By Investigator Tom Dominguez and Mayor Joe Vinatieri
This summer, a documented gang member went on a violent stabbing spree — fatally attacking four people and wounding two others. One victim was so badly slashed that his nose was nearly severed.
The crime itself was horrific — terrorizing eight crime scenes across two cities using machete knives. But what makes it even more outrageous is that the suspect should not have been on the street.
Under AB 109 — which claimed to apply only to “non-violent, non-serious” offenders — felons with violent histories are being released to minimal supervision based on their current offense alone, with no consideration for past criminal conduct, even when violent or sexual.
The suspect in this case, Zachery Castaneda, had a decade-long rap sheet — boasting convictions for child abuse, battery, domestic violence, and more. And although he violated his probation eight times, he was still on Orange County streets. This tragedy clearly exposes the dangerous problems surrounding AB 109. And there are more.
Two years ago, a felon released from jail after his fifth probation violation shot two of our Whittier Police Officers, killing one of them, Officer Keith Boyer.
Just a few months later, another AB 109 felon with a lengthy criminal history shot and killed 21-year Sacramento County Sheriff’s Deputy veteran Robert French and wounded two other officers.
These are just a few examples of the unintended consequences of a series of public safety “reforms” founded on wishful thinking and empty promises. It started with the passage of Assembly Bill 109, but continued with Propositions 47 and 57, changing sentencing and parole polices, and launching massive early releases.
Less incarceration and more treatment. Safer streets and schools. A fairer and more efficient justice system. And the promise that early release would never apply to violent or sexual offenders. In the face of the growing evidence to the contrary, these words ring hollow.
The shocking truth is that the list of crimes considered violent under California law is remarkably short. Rape of an unconscious person is not a “violent” crime in California. Nor is pimping a child for sex. If an abuser beats a spouse or domestic partner with enough force to cause injury, that’s also not a violent crime. Clearly, very few voters knew this when they voted for these laws.
Nor did voters expect an explosion of property crimes as a result of Prop. 47’s reducing felony theft offenses to misdemeanors. Yet, the FBI reported that 49 California cities saw overall increases and 24 suffered double-digit increases after its passage.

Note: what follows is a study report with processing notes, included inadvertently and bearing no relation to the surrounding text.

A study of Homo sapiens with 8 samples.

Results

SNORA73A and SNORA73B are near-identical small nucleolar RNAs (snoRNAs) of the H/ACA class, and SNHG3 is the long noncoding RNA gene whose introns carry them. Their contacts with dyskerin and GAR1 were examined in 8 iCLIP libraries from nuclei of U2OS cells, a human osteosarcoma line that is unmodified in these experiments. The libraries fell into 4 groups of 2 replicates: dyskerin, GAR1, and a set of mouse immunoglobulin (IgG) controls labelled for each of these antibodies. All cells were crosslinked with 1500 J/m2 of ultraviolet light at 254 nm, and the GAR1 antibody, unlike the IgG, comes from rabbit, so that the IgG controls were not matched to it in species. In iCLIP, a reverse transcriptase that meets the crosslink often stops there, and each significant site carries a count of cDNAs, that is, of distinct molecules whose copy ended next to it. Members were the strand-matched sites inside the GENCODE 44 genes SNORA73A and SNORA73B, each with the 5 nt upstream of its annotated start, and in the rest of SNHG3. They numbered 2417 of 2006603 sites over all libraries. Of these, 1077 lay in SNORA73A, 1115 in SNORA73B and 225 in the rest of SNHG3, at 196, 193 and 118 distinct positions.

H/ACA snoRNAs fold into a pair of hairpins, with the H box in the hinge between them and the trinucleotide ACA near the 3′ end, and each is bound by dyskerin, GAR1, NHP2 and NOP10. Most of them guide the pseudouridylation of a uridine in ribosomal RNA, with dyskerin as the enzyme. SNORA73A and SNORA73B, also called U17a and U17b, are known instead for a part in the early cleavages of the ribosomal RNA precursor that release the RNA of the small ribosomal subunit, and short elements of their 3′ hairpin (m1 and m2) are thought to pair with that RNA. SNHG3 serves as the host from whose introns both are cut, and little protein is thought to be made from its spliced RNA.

Fortunately, there’s hope for fixing some of the most egregious flaws in these laws — through the “Reducing Crime and Keeping California Safe Act of 2020.”
Above all, this initiative expands the state’s list of violent crimes to include those that are clearly violent — like human trafficking and domestic violence. Other crimes include felony hate crimes, assault with a deadly weapon and drive-by shootings, none of which are currently “violent” under California law.
Moreover, the initiative strengthens parole violations and gives voters more authority over early release decisions, which are now made by an unelected body with little if any input from victims, prosecutors or the public.
The Keep California Safe initiative would also reform theft laws to restore accountability for serial thieves and expand the crimes for which DNA can be collected — previously narrowed by Prop. 47 — to help solve rape, murder and other violent crimes, and to exonerate those wrongly accused.
While we recognize that the only way to stop crime completely is for people to choose to abide by the law, the Keep California Safe initiative helps solve four critical public safety concerns facing Californians right now. And perhaps just as important, come November 2020, it allows Californians to have a clear choice in their public safety future. Without this initiative, neither law enforcement nor law abiding citizens will be as safe as we should be.
Whittier Mayor and attorney Joe Vinatieri is among the founding members of the Keep California Safe coalition. Investigator Tom Dominguez is President of the Association of Orange County Deputy Sheriffs, representing nearly 4,000 sworn peace officers.